A Colombian doctor has publicly admitted to performing over 360 euthanasia procedures throughout Latin America, where the practise is outlawed in all but one country.
Gustavo Quintana, 76, says he has assisted 366 of his patients with medical suicides throughout Latin America, barring the Guianas and Brazil, and was practicing in his native Colombia long before euthanasia was legalized there in 2015, making it the fouth country in the world to do so.
"They have been secret procedures, with patients so terminal that nobody was surprised that they died," Quintana told La Tercero in a phone interview.
Citing his experience, Quintana said he is the most appropriate representative for the dying community during sessions of state, comparing himself to the ancient Greek mythological character Charon, who assisted souls on their journey to Hades.
"There is no dramatic agony: in six or ten minutes the person fulfills his wish, without pain," Quintana said. "For me it is more important, from the ethical point of view, the decision of the patient, who can no longer recover his health, who is suffering and be allowed to end his life if he wants.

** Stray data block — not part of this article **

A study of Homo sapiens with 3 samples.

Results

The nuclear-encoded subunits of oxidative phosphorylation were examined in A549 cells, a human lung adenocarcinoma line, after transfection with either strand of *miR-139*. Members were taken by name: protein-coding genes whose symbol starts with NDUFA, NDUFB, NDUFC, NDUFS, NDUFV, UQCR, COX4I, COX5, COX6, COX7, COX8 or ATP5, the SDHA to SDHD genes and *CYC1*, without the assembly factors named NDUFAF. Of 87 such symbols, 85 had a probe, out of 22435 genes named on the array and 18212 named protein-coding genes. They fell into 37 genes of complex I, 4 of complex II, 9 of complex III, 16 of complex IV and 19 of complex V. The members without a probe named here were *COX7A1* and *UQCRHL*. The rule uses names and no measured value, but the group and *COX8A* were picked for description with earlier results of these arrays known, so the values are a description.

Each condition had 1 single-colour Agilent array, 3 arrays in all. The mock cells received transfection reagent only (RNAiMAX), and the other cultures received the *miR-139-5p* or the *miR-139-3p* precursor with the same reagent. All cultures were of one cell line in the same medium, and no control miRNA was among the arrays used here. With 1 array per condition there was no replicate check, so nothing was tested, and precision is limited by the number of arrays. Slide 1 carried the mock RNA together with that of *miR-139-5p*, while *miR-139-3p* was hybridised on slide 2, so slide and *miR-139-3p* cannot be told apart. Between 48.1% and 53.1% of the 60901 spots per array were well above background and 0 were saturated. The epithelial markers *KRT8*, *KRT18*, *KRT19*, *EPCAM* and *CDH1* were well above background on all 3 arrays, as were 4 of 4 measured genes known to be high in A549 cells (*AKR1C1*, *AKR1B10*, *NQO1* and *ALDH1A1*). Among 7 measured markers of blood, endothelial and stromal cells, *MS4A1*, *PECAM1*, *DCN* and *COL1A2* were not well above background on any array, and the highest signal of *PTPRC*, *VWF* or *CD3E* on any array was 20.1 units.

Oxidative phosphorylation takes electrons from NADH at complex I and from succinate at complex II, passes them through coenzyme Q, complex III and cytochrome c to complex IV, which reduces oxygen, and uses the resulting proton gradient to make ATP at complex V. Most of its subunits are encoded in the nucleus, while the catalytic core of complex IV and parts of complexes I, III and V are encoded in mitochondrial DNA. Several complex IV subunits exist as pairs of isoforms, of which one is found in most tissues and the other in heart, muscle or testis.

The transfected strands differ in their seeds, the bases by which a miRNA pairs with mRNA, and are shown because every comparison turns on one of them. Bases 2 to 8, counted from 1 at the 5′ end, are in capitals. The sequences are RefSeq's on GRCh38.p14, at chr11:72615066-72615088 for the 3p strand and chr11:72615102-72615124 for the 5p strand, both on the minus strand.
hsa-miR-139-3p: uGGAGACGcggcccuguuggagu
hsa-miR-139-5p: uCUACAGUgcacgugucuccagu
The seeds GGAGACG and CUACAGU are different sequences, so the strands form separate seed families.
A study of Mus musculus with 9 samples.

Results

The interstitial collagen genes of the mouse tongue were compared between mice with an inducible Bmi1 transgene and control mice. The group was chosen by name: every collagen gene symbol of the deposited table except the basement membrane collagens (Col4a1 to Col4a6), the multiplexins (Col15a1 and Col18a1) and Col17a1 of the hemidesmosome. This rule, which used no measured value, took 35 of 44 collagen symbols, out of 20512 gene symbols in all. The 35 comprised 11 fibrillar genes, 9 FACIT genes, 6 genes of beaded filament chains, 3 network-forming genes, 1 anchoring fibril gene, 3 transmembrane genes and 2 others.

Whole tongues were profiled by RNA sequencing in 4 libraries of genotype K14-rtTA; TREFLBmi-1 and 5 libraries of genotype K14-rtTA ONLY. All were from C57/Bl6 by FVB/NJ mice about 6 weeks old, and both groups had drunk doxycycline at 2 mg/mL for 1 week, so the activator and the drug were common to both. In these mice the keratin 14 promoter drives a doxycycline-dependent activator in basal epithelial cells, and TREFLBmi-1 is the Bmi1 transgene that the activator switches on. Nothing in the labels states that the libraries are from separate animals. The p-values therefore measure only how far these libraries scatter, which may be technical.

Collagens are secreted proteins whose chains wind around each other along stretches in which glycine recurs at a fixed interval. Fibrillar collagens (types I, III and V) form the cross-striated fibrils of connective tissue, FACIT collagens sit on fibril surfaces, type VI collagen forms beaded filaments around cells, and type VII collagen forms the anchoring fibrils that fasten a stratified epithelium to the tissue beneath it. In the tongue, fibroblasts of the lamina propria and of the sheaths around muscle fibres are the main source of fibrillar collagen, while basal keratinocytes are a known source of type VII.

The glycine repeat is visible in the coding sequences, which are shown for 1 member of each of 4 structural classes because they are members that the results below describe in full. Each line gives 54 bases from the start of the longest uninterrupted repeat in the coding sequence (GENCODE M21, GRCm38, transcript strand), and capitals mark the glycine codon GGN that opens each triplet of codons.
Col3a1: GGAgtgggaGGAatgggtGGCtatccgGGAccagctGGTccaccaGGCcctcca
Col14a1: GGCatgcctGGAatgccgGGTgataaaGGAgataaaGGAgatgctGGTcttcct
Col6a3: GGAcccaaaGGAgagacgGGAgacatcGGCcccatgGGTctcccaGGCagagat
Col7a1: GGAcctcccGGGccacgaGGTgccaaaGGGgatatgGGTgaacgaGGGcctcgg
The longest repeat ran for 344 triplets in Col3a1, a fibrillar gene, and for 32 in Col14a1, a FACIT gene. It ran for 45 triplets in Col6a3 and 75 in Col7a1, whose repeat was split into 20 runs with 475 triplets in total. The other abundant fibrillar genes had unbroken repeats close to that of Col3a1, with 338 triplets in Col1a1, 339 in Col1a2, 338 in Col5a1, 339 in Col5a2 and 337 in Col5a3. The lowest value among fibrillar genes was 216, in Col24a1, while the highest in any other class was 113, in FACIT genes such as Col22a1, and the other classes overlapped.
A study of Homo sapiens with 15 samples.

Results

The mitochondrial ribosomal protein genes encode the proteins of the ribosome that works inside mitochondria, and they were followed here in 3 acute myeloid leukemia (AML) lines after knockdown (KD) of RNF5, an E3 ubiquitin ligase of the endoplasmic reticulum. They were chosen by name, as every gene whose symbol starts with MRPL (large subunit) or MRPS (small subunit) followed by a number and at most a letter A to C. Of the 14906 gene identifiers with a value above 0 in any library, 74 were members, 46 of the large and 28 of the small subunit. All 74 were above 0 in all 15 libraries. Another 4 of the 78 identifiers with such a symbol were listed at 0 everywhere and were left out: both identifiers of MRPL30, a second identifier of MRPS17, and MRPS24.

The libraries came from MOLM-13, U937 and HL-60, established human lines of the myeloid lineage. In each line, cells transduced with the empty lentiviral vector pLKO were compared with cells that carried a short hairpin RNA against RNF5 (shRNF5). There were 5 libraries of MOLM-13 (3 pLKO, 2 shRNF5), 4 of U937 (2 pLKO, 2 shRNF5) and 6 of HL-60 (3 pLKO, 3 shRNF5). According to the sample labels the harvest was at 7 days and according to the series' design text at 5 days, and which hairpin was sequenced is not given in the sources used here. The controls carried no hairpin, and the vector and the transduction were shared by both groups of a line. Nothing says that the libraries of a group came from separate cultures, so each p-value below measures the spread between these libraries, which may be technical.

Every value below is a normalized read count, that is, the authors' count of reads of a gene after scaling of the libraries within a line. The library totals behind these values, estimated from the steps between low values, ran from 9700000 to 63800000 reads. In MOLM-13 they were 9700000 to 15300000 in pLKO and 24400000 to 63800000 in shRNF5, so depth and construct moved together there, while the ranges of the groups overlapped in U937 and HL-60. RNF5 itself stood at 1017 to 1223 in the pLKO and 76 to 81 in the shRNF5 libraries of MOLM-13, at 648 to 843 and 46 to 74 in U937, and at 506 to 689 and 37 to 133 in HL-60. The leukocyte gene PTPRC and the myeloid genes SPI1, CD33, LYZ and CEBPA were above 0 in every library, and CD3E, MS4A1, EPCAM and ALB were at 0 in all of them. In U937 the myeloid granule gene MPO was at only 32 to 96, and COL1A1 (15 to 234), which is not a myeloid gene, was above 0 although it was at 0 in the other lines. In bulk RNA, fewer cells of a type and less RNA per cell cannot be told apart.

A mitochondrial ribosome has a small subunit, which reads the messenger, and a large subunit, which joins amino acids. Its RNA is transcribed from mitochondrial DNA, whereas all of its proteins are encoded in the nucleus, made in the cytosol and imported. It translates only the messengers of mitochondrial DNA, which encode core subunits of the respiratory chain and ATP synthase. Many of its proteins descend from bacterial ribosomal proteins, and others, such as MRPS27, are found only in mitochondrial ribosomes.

"In the case of my patients, they were people who fought all their lives with antidepressants to maintain their dignity, but after so much effort and without results, they got the support of their own families and asked to rest from their illness.
"We were born to get happiness in exchange for some difficulties; it is always better to live than to die, but there are specific cases where it is not possible."
Colombia is the only nation in Latin America and one of only four in the world in which euthanasia is legal. The medical expert said that euthanasia should always be performed intravenously, although an
The interview came shortly after an Austrian doctor, Philip Nitschke, unveiled his futuristic alternative for "peaceful passing."
The Sarco, a 3D-printed biodegradable sarcophagus, sends a cloud of nitrogen into the device's sealed capsule, causing the individual to fall asleep before death occurs.
"A Sarco death is painless: there's no suffocation, choking sensation or 'air hunger,' as the user breathes easily in a low-oxygen environment. The sensation is one of well-being and intoxication," Nitschke told the Huffington Post.
The 'suicide machine,' as some have called it, also includes a 'panic button' which opens an emergency window and shoots a burst of oxygen into the unit should the user experience a last-minute change of heart.
"The Sarco is intended to get people talking positively about death and with broader considerations than being afraid, scared or shocked," the Sarco's Austrian manufacturer said in a statement.
"After all, we are all going to die. Increasing numbers of us want some say in how we are going to die."